Standing desks are the latest employee wellness innovation to sweep through workplaces. While student life is typically more active than that of the nine to five grind, the majority of McGill students are familiar with the pains—mental and physical—of sitting down to study for hours at a time, seldom standing up, if only to eat or use the bathroom. If successful companies like Google and Facebook offer standing desks to their employees, then perhaps McGill ought to consider sit/stand hybrid study spaces for its students as well.
The physiological detriments of sitting down for extended periods of time are numerous. Studies have shown an association between occupational sitting and cancer, while others have shown that sedentary behaviour leads to compromised metabolic health and higher mortality risk. In contrast, sitting/standing hybrid workstations have been found to combat the health consequences of sitting for long periods of time by increasing caloric expenditure. While the physical consequences of an excessive sedentary lifestyle have been well-documented, there has been a more recent shift in focus to the /mental/ impact of standing on cognitive functioning, memory, and focus, making the case for the introduction of standing desks in schools and workplaces.
In an experiment conducted at the University of Leeds, young adults and children showed improvements in task completion time while standing, as opposed to sitting. Children were tested on their ability and speed in conducting motor tasks involving tracking, aiming, and tracing dots on a tablet with a stylus. Sample subjects performed each activity twice: The first while sitting, and the second while standing, which was performed one week after the former. Those tested showed faster completion times of all motor tasks conducted while standing. The results support the theory that the postural demands of standing improve manual control and fine-motor tasks.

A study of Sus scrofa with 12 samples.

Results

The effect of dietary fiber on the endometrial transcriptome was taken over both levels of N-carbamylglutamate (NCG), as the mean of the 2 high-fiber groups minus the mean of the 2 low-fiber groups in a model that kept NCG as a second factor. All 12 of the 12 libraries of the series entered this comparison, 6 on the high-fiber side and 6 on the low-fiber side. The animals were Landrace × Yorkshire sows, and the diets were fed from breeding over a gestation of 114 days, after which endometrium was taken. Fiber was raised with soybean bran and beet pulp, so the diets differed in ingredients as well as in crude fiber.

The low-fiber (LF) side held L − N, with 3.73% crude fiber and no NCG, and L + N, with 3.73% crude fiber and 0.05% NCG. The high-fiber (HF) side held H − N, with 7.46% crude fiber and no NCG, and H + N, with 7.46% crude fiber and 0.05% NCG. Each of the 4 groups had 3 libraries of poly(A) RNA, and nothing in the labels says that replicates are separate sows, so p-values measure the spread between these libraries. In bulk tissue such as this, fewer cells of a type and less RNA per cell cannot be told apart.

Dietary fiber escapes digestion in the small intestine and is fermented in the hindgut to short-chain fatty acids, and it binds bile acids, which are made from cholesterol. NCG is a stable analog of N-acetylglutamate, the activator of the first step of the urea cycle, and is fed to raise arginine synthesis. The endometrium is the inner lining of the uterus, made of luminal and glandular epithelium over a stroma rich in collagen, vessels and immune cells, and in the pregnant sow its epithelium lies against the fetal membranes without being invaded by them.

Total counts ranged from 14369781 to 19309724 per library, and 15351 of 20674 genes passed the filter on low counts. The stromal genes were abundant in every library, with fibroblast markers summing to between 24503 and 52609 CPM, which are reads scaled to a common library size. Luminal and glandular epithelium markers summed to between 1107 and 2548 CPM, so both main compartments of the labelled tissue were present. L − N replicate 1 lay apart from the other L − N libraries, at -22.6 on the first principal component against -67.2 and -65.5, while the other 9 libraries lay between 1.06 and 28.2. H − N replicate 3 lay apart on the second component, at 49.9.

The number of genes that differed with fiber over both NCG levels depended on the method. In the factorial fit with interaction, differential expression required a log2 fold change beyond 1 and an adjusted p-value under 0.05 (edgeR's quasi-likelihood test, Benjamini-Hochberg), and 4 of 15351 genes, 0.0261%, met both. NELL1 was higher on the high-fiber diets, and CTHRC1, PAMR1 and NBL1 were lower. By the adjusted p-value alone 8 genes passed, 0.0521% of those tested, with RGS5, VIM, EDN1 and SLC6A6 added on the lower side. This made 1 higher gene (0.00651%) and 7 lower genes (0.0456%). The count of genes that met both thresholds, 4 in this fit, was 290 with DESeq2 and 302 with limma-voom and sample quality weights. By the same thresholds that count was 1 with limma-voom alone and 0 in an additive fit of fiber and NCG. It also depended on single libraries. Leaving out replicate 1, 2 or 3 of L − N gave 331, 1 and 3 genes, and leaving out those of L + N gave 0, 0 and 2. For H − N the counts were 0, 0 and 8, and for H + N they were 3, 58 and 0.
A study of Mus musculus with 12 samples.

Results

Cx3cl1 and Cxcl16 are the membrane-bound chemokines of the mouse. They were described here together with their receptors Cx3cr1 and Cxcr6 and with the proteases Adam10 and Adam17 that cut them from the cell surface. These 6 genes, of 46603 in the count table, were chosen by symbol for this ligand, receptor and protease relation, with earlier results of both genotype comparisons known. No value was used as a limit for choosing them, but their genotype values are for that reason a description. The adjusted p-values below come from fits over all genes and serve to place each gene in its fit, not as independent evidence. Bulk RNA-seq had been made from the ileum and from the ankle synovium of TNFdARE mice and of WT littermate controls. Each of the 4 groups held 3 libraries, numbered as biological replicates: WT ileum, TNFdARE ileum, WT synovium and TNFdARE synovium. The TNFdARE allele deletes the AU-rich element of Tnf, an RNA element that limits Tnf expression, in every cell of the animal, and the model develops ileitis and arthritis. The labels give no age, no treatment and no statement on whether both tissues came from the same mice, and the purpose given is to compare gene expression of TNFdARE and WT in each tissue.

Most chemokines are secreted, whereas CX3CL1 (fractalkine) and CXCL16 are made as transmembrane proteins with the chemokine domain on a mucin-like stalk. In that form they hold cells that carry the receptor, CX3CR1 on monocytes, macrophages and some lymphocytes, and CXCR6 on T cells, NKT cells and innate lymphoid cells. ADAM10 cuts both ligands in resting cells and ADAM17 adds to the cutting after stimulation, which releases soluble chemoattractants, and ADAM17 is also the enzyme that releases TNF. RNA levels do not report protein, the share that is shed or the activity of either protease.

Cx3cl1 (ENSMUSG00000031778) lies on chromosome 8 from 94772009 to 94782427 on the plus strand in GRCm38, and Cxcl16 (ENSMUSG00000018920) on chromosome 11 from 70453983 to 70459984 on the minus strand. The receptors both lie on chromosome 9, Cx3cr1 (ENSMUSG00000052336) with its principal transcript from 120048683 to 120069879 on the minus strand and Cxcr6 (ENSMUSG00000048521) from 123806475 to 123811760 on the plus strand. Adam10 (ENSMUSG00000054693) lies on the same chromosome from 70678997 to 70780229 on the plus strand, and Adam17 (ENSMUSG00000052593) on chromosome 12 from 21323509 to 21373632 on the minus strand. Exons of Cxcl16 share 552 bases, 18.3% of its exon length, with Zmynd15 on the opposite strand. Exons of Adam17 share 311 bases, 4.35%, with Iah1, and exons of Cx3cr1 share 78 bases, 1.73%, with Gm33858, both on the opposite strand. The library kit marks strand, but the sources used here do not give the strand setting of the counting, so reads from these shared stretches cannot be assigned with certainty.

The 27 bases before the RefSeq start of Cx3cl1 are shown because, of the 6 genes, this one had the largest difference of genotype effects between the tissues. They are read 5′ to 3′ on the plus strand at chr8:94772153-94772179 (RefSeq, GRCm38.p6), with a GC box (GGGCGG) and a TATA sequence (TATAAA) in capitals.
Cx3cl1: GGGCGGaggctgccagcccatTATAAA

While there is evidence of a correlation between standing and improved cognitive performance in controlled tests, the use of standing desks in academic settings is not only shown to be feasible, but also beneficial for students. For example, a neurocognitive study on freshman high school students conducted at the Texas A&M School of Public Health found a significant association between the long-term use of standing desks and advances in executive function—that is, the processes of managing oneself and one's resources in order to achieve a goal. Improvements were also observed in working memory, which is short-term memory dealing with conscious perception and linguistic processing. Furthermore, researchers saw increases in brain activation during completion of various motor tasks before and after the long-term use of standing desks.
Standing while working was found to be equally beneficial in a workplace. When tested in real offices, many employees reported improved posture and increased energy and alertness while working. In a study based in Sydney, Australia, trials of randomized employees were given the option to stand while working at sit-stand hybrid workstations. Participants reported that standing helped alleviate the post-lunch energy slump, encouraged face-to-face interaction between colleagues, and reduced feelings of restlessness. Most office workers who were interviewed saw the option to stand while working as an enhancement to their office experience.
As the school year progresses, the McGill student body is gearing up for the work to pile up and the exhausting studying that follows. Many students spend hours at a time in campus libraries, often placing physical and mental health on the backburner. To make matters worse, McGill’s libraries currently lack the space and accommodations for students to experiment with standing while studying. The scientifically proven improvements in memory, efficiency, and executive functioning while standing to study suggest that this option should be seriously considered in any of McGill’s future library improvement efforts.